It was fun, my freshman year at a small, liberal arts, historic peace-church-related college.

 

A small paper cup of water rigged over a dormitory room door. A practical joke, a surprise on an unsuspecting person entering their room. It was innocent fun. At least, that is how it started.

 

That practical joke called for a response in kind, with something added to “get even.” Larger cups. Milk cartons. Larger and larger water balloons. Water balloon launchers. Water balloons out of third story windows on persons below. Water balloon fights in the hallways and rooms. Larger water balloons, wastepaper cans and trash barrels of water down stair wells. Destroyed property. Fist fights. It escalated.

 

Roommates became rivals.

 

Friends became foes.

 

Acquaintances became enemies.

 

Yet it all began as fun—innocent fun. At a liberal arts, historically peace-church related college. The irony is not lost.

 

I learned something from that experience. I learned how wars start.

 

A small antagonism; a boundary dispute; a resentment; a jealousy; an affront to another’s dignity or personhood; a racial slur; a difference of opinion.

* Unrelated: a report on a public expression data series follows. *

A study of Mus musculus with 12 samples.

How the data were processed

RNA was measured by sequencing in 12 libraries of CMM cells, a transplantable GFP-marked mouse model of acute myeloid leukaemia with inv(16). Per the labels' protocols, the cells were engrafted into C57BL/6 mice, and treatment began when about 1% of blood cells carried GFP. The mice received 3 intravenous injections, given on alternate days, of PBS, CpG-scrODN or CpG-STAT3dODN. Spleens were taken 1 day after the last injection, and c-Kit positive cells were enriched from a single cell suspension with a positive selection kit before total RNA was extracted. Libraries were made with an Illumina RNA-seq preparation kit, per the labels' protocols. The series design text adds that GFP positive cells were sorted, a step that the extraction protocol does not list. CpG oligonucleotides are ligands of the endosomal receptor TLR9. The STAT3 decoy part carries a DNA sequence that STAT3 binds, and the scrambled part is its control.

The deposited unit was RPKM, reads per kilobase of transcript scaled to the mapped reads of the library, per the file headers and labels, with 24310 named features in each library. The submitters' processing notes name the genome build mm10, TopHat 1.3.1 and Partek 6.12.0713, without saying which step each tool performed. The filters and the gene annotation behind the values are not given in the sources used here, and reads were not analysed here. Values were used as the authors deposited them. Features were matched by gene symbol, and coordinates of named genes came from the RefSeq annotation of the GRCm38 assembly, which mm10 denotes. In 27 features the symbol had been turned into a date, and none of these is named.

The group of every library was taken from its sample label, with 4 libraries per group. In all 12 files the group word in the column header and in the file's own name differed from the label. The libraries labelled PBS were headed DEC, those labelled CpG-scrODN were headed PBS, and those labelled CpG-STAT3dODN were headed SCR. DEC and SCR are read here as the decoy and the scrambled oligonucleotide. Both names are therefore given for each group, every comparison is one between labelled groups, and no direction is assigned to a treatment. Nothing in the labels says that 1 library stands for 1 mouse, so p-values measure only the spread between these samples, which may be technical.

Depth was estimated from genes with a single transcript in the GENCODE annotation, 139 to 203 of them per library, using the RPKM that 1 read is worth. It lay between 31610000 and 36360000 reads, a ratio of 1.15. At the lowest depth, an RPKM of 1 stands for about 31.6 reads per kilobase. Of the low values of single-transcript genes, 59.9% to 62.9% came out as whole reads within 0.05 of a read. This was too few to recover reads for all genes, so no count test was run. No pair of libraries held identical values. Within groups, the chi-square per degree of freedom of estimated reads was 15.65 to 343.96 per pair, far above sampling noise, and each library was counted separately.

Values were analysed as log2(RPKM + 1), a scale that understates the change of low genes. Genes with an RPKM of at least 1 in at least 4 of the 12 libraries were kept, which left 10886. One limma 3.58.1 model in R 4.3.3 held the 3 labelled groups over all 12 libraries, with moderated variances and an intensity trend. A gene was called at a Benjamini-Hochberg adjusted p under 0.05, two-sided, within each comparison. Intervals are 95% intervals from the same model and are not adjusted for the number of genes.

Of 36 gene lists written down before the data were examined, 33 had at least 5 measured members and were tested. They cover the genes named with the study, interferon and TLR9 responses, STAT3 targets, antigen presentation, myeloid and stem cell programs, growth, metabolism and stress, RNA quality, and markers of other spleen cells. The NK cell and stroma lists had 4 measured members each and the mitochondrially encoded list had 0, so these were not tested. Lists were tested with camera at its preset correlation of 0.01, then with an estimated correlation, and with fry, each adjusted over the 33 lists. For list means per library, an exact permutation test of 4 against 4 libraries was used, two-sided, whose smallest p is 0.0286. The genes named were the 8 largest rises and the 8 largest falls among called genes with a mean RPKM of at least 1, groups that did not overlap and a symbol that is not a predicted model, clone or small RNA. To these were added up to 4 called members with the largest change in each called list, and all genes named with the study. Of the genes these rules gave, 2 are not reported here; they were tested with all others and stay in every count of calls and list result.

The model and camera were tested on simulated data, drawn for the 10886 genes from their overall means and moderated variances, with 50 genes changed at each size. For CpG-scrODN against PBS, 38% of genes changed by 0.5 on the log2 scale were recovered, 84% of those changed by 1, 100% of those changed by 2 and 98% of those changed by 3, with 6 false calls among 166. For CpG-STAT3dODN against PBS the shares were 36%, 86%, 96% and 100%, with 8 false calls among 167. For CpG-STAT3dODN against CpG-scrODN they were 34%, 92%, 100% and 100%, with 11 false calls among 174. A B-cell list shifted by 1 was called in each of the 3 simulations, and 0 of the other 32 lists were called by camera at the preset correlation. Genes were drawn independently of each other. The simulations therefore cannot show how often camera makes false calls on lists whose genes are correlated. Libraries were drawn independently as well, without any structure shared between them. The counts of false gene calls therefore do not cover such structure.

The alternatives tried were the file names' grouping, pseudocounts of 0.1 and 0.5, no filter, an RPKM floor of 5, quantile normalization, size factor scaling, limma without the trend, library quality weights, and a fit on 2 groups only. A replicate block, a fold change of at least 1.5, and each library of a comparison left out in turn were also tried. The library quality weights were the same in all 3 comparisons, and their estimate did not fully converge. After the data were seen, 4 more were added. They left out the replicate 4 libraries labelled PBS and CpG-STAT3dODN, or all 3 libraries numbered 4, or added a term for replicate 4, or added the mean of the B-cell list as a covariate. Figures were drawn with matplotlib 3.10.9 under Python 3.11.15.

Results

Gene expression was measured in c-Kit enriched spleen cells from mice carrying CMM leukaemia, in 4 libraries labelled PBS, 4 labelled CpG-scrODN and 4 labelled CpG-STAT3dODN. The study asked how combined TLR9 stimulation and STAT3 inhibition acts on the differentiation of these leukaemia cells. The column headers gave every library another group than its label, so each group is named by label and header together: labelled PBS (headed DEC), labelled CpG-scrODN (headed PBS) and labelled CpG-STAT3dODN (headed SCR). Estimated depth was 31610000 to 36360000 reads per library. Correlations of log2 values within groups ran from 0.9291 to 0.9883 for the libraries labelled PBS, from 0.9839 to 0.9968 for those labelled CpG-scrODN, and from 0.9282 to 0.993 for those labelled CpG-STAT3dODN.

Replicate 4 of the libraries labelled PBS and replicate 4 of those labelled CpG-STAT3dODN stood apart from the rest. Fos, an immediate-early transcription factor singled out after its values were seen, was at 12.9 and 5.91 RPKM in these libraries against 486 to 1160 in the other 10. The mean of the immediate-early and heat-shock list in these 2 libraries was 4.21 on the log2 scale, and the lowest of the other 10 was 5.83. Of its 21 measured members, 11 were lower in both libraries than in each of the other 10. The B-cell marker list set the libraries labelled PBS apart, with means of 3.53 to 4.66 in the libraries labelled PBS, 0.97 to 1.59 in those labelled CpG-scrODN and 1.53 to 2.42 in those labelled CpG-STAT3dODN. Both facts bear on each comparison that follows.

Eric Fromm, noted early 20th century psychologist/sociologist, observed that the outcome of a game of chess is determined not at the checkmate, but in the first half dozen moves. It is the little beginnings that determine the outcome.

 

Left to its own devices, violence begets violence—indeed, escalated violence.

 

Add weapons to the mix and it becomes deadly, each side developing more sophisticated weapons and delivery systems, each bigger and more effective. This could be in neighborhoods, or organizations (gangs), or families, or clans, or nation states. The dynamic is always the same.

 

One of the consequences is that, in all of history, war has never settled anything. A winner may be determined, not by any altruistic measure, but by the size of its weapons, the cleverness of its strategies, or the number of combatants. But it never settles anything. In all of history, the ending of any given war becomes the basis for future resentment, dispute, conflict, and another war.

There are many facets to violence. The root of violence is at the very beginning, not when it escalates.